Fitness Tips

Australian personal trainer and bodybuilder Kris Porthill is based in Shanghai. He has been crowned Mr Universe, Mr World and Mr Australia and now he has joined forces with TALK to reveal his top fitness tips.

Day after day I see the same people come to the gym and perform the same exercises (incorrectly), in the same sequence, using the same weight. The end result is they all end up looking the same.

Maybe they are happy with this; maybe they find comfort in the specific exercises and don’t want their body to change. If so, then they are going about it perfectly. But if you are one of the people that aren’t happy, yet continue to do the same routine month after month, ask yourself why you aren’t seeing any change.

Anything is a better option than sitting on the couch watching DVDs, but the body has an amazing ability to adapt. When you start a new routine, after the first session you might be sore for a few days, but after a couple of weeks your body goes into auto pilot, using less effort than you did at the start.

The first few times it doesn’t come naturally – it takes extra effort, extra concentration and this means extra calories. It requires new muscles to be used in unfamiliar movement patterns and soreness is the body using additional calories to repair muscles, making you a better fat-burning machine.

So to help my clients see some changes in their bodies, I first teach them the correct technique to establish the best movement patterns. Then I make sure they recognise the need to switch up exercises – whether it’s the repetition range or the angle of the muscles as they lift. Alternatively, switching up the order of the exercises also helps because it means you are not always doing the same movements. One thing I see most often here in China is a preference for doing cardio prior to weights. You can always run and feel nice and tired after a good session. But how will this affect your weights? Would running after weights still be possible? Of course it is, but most people like to stick with what is common and familiar.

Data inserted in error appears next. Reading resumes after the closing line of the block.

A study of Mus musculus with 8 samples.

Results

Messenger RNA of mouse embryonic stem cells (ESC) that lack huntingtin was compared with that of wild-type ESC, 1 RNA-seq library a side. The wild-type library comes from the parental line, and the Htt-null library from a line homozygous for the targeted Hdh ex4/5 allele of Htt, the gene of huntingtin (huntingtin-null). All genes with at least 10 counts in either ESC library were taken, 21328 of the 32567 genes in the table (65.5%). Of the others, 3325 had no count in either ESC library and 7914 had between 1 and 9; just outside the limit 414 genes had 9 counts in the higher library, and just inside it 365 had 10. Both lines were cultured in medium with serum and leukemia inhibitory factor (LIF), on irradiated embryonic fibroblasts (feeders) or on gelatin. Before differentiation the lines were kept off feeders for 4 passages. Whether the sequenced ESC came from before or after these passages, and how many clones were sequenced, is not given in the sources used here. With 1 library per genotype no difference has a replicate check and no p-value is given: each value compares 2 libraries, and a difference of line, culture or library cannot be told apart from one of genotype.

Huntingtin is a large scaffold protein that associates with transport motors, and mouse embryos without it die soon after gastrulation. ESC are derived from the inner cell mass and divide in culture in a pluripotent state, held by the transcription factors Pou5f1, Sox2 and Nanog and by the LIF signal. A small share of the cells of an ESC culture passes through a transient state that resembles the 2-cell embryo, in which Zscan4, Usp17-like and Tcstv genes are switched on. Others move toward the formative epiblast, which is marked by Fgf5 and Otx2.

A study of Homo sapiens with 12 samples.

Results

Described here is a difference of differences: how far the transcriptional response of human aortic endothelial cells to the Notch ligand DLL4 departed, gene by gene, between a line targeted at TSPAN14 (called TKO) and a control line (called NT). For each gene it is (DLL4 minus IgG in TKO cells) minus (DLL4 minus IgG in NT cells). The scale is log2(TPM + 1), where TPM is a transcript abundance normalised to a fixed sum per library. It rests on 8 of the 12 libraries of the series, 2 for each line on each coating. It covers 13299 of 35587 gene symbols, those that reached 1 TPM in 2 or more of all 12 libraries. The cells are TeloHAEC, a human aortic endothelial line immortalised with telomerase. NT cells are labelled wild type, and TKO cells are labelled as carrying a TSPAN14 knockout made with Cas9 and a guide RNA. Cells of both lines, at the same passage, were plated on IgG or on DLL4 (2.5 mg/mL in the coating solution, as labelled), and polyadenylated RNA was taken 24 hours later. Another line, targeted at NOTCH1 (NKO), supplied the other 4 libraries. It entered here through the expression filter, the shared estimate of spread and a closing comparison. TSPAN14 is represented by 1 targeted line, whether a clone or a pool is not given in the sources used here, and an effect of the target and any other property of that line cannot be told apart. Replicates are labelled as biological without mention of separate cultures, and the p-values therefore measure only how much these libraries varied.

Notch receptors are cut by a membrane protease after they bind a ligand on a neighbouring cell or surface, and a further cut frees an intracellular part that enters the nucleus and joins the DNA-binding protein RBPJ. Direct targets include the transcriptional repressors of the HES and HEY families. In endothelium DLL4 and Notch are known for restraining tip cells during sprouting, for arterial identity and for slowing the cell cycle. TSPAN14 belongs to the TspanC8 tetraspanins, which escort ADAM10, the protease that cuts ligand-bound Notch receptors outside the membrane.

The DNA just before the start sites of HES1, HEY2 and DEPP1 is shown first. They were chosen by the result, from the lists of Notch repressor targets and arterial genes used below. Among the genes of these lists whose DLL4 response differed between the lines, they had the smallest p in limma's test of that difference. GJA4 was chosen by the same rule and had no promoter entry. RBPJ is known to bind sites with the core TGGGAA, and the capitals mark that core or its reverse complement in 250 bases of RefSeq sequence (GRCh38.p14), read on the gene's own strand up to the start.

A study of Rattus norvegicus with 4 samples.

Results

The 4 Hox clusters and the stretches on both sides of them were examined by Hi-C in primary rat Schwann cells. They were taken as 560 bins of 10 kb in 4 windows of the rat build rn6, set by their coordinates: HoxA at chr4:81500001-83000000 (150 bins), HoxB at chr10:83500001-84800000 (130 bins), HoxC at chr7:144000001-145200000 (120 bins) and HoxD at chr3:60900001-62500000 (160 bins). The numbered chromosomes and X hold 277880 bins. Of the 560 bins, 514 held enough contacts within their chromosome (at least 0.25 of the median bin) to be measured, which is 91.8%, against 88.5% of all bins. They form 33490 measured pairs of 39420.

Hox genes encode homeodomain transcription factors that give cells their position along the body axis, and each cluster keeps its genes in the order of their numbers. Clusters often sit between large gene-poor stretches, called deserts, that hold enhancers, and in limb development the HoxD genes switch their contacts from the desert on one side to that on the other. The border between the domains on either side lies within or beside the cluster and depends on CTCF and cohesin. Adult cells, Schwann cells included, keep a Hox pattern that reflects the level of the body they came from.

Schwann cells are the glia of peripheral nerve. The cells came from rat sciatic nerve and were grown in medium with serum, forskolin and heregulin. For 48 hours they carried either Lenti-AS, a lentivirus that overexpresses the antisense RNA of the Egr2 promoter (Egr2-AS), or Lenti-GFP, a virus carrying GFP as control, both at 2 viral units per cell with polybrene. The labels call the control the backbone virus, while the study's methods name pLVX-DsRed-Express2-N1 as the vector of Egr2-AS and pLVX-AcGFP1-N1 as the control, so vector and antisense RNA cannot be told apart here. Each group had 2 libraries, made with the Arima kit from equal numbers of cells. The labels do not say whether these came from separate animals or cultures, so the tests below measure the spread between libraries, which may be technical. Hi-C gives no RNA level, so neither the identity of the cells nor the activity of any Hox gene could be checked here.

Another thing I do with my clients is give them big compound movements, such as squats, dead lifts, bench presses, chin ups and rows prior to any isolation movements. The more complicated the exercise, the more calories you burn performing it, the more coordination, multiple muscle control and development you will build. So next time you’re in the gym, switch up the exercises. Change from machine to free weights, swap barbell for dumbbell. Do the full range and focus on the muscle. Don’t struggle under a heavy weight and let your form slip. Ultimately a workout is meant to be a challenge; it should only be a routine in name and not in feeling.